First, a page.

This is the epitome of MM&FF, a Mustang in True Street. We love to modify these cars with
In 1986, Ford changed the face of performance with its new Port Injected 5.0 H.O. Mustang. Featuring free-flowing cylinder heads and intake manifold, tubular exhaust manifolds, a computer system that was friendly to modifications, and a real dual exhaust, the 5.0 Mustang had an overall lightweight package, a cheap price tag, and darn quick times in stock trim. It was the first time in nearly 15 years that Detroit produced a package worth selling to car enthusiasts who wanted real, affordable muscle. The fuel-injected 5.0 High Output engine appeared in the '86 Mustang GT and LX models, but it wasn't until the 225hp version in the '87 model that it was launched into the performance-market stratosphere.
Boasting redesigned "aero" looks and an increase in horsepower, this Mustang was a smashing hit. Hot rodders and magazine journalists were hooked on the super-light shipping weights, and the fact that you could do a few tweaks and slam gears into the 13s. Of course, many feared the new EFI setup, but it didn't take long for the masses to get on board.
The now-defunct Cars Illustrated magazine, the forerunner of MM&FF, pounded multiple 5.0 Mustangs, invented the 10-minute tune-up, and did things like adding gears and generally teaching Ford freaks how to go fast with lessons on powershifting and launching techniques.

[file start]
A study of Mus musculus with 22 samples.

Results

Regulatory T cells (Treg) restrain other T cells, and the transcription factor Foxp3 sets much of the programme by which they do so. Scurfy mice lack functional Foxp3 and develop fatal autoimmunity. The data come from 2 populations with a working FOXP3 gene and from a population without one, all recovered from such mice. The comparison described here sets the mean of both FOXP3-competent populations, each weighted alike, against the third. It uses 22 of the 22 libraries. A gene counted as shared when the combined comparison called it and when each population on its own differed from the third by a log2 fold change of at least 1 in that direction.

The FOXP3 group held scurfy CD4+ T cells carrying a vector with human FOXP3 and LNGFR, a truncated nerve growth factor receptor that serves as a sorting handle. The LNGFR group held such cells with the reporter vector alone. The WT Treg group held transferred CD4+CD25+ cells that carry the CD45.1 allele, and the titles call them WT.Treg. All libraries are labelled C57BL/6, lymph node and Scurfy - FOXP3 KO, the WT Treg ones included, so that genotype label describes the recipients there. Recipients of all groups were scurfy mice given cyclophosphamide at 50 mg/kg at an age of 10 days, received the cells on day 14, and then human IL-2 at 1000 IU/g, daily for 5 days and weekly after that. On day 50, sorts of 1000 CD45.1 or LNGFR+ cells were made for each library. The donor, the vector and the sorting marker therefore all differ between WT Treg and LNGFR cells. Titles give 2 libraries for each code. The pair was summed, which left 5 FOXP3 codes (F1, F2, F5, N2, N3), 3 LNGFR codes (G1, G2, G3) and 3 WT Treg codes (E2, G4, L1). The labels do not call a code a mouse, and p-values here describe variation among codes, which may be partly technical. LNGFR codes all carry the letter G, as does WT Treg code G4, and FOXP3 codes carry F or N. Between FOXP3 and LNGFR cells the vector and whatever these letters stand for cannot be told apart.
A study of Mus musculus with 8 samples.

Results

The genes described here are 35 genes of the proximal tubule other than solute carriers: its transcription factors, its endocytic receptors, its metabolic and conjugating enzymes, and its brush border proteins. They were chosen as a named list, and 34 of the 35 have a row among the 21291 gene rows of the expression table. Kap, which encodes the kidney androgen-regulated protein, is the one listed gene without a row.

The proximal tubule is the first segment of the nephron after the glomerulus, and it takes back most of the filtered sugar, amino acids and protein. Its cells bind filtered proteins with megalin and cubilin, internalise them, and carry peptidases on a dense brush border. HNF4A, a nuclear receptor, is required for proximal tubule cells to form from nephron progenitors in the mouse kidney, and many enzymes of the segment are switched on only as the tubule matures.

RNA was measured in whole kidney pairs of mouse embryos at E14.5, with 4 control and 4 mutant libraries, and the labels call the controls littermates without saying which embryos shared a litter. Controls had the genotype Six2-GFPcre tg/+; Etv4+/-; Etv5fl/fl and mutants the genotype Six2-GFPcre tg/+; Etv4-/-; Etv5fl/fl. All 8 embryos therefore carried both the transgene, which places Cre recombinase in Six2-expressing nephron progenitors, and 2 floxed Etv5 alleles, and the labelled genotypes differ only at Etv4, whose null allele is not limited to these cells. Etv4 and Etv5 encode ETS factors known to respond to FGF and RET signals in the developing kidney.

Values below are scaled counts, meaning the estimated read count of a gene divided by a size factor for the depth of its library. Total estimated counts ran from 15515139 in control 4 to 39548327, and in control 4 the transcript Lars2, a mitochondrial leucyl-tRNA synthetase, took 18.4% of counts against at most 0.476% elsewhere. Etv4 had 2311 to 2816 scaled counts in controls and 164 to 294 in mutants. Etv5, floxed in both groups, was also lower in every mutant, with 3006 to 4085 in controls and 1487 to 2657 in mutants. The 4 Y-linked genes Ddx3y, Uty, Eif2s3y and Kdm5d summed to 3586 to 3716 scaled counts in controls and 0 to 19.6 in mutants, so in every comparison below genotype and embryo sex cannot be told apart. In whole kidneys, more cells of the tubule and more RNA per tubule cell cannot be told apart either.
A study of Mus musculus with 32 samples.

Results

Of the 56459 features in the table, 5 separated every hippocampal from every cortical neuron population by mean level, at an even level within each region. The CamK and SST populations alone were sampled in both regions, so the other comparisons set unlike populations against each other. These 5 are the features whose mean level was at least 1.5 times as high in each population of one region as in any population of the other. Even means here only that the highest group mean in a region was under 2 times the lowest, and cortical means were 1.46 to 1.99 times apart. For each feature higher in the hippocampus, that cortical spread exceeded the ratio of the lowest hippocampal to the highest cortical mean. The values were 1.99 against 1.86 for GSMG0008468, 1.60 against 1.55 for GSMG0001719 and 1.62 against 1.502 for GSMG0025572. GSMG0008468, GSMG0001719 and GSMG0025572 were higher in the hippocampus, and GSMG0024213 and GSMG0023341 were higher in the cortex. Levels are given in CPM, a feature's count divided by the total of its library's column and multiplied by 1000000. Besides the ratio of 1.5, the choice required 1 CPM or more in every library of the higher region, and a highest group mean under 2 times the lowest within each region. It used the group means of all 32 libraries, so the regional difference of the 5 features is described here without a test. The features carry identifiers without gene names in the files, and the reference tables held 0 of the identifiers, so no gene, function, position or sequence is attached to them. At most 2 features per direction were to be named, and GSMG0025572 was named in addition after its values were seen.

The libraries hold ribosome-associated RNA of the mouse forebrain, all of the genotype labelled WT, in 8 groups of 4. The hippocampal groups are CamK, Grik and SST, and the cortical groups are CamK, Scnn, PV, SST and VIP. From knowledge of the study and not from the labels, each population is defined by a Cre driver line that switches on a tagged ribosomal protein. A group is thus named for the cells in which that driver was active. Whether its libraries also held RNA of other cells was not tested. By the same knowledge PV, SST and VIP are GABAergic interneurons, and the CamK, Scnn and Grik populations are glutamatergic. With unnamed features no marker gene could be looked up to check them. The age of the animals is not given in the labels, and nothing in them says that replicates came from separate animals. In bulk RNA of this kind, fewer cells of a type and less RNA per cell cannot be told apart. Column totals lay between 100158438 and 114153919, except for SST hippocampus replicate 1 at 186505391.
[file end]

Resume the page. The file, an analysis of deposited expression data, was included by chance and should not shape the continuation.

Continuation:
By the late '80s, Mustangs were starting to take over local test-and-tune nights at tracks, and the aftermarket began ramping up for growth. Countless companies are where they are today because of the 5.0 Mustang, including this magazine, which was the first to focus solely on late-model Mustang performance.
Most traditional hot rodders were scared of EFI, but a new generation of enthusiasts were poised to take control of the market and push forward. It all centered on the 5.0 High Output engine, and this magazine is a testament of its impact on the industry. It had been a long time since a car had been so quick-high 13s in some cases-and cost so little. This was the car that the pizza-delivery guy could afford to own and modify, as well as some high-end guys like Stormin' Norman Gray, who was one of the first guys to throw big bucks and big modifications at a 5.0. Popularity grew, and the magazines of the time took an increasingly bigger interest in the burgeoning Mustang market. One such magazine was the aforementioned "in-your-face" Cars Illustrated. The editors shot from the hip, and it was a knuckle-dragging rag that left the fluffy stuff to the California-based magazines.
Cars Illustrated's driving forces were Neil Van Oppre, Steve Collison, and Tony DiFeo, and they pushed the boundaries of journalism. Their work is stuff legends are made of. They made fun of readers with stupid questions, and had no problem street racing press cars, as well as their own. Most people remember when they actually street raced a Grand National from the GM Press Fleet on the local street scene. Then they'd let you know what cars to look out for and which ones were easy prey. Cars Illustrated didn't make a huge impact on the newsstand because a small New Jersey niche publishing company called CSK Publishing put it out. Circulation wasn't as high as the giants Car Craft and Hot Rod, but those who did read the magazine became cult followers. A few are on this staff today.
Then came a special project the Cars Illustrated crew worked on-a one-shot called MUSCLE MUSTANGS& FAST FORDS magazine. The editors knew the Mustang market was hot, and they decided to throw together a magazine to capitalize on it. The first MM&FF issue came out with a Fall 1988 cover date. Seasonal Fall issues in this industry usually carry an October cover date, marking our first issue as the October '88 one-amazingly, 20 years to this issue!